Market Commentary

Lawmakers Trade Shares Amid Surging Demand for Weight-Loss Drugs

Jahanzeb Salam
28 May 2024 · 2 minutes read

The global demand for weight-loss drugs from Novo Nordisk (NVO:US) and Eli Lilly (LLY:US) is surging, prompting experts to predict that annual sales could reach $150 billion by the early 2030s, up from $100 billion estimated a year ago.

Michael Kleinrock from IQVIA Institute for Data Science noted the unprecedented public interest in these medications. Despite limited insurance coverage, many people are paying out-of-pocket or using manufacturer coupons. 

Last year, global spending on obesity medications was $24 billion, with IQVIA projecting it could reach $131 billion by 2028, a 27% annual growth rate.

BMO Capital Markets projects $150 billion in annual sales by 2033, while Leerink forecasts $158 billion by 2032. Analysts highlight that these drugs can prevent costly health emergencies and treat chronic conditions, potentially encouraging insurers and employers to cover them.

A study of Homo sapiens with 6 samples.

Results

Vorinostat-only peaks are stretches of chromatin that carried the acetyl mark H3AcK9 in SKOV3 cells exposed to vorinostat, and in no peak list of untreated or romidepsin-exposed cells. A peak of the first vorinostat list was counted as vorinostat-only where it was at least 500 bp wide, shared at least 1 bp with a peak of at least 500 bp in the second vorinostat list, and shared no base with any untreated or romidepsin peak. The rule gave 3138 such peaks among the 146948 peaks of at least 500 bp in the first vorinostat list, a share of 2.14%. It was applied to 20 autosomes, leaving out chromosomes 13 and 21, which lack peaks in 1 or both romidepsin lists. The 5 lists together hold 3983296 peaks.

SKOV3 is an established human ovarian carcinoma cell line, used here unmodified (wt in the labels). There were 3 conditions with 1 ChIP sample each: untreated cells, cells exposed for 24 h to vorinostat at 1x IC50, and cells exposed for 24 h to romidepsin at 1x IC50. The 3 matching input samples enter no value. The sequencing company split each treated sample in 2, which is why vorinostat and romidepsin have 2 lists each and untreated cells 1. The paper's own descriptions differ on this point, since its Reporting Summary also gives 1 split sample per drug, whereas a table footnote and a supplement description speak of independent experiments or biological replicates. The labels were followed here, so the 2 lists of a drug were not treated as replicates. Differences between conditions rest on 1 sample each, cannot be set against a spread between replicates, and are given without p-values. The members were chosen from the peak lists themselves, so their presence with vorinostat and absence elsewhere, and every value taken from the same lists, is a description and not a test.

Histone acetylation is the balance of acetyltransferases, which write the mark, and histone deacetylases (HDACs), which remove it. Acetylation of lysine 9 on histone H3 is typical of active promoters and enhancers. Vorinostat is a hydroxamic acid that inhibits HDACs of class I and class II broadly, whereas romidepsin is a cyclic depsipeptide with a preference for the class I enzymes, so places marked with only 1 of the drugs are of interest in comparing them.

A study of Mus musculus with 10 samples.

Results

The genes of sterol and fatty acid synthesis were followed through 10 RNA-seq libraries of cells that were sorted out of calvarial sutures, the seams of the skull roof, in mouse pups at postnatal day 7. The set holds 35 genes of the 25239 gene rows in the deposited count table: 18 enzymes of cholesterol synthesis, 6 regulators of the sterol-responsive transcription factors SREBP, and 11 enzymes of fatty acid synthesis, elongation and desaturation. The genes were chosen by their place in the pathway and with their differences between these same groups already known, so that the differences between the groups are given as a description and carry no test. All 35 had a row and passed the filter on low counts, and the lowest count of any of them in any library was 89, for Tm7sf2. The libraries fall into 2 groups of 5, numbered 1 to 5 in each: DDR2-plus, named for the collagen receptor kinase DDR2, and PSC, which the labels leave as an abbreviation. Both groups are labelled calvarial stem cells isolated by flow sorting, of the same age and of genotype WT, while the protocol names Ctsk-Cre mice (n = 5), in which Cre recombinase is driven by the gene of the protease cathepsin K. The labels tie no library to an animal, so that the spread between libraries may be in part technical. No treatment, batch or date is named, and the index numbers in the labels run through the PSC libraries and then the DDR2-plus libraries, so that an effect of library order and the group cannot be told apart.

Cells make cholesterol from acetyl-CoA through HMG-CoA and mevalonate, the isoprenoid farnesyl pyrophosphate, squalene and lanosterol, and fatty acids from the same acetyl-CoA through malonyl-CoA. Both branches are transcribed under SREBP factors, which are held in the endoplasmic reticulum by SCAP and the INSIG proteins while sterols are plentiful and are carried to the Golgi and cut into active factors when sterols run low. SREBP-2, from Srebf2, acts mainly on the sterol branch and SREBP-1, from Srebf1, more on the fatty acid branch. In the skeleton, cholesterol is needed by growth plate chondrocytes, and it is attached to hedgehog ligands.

David Song of Tema Obesity & Cardiometabolic ETF emphasized the significant unmet medical need, with over 100 million obese Americans and nearly a billion globally. The success of these drugs has significantly increased the market value of Lilly and Novo, with their shares rising 36% and 33% respectively this year.

Competitors are developing treatments offering more convenience, better weight loss, or additional health benefits and over 80 experimental obesity drugs are in human testing.

David Song expects price competition as new players enter the market, but anticipates that wider access and higher volumes will balance any price decreases.

Taking into account, the politicians' trust in these firms, multiple lawmakers were seen selling shares of LLY in recent months, including Sen. Tommy Tuberville and Rep. Ro Khanna. In contrast, numerous lawmakers were witnessed stocking up on NVO this year including Rep. Michael McCaul.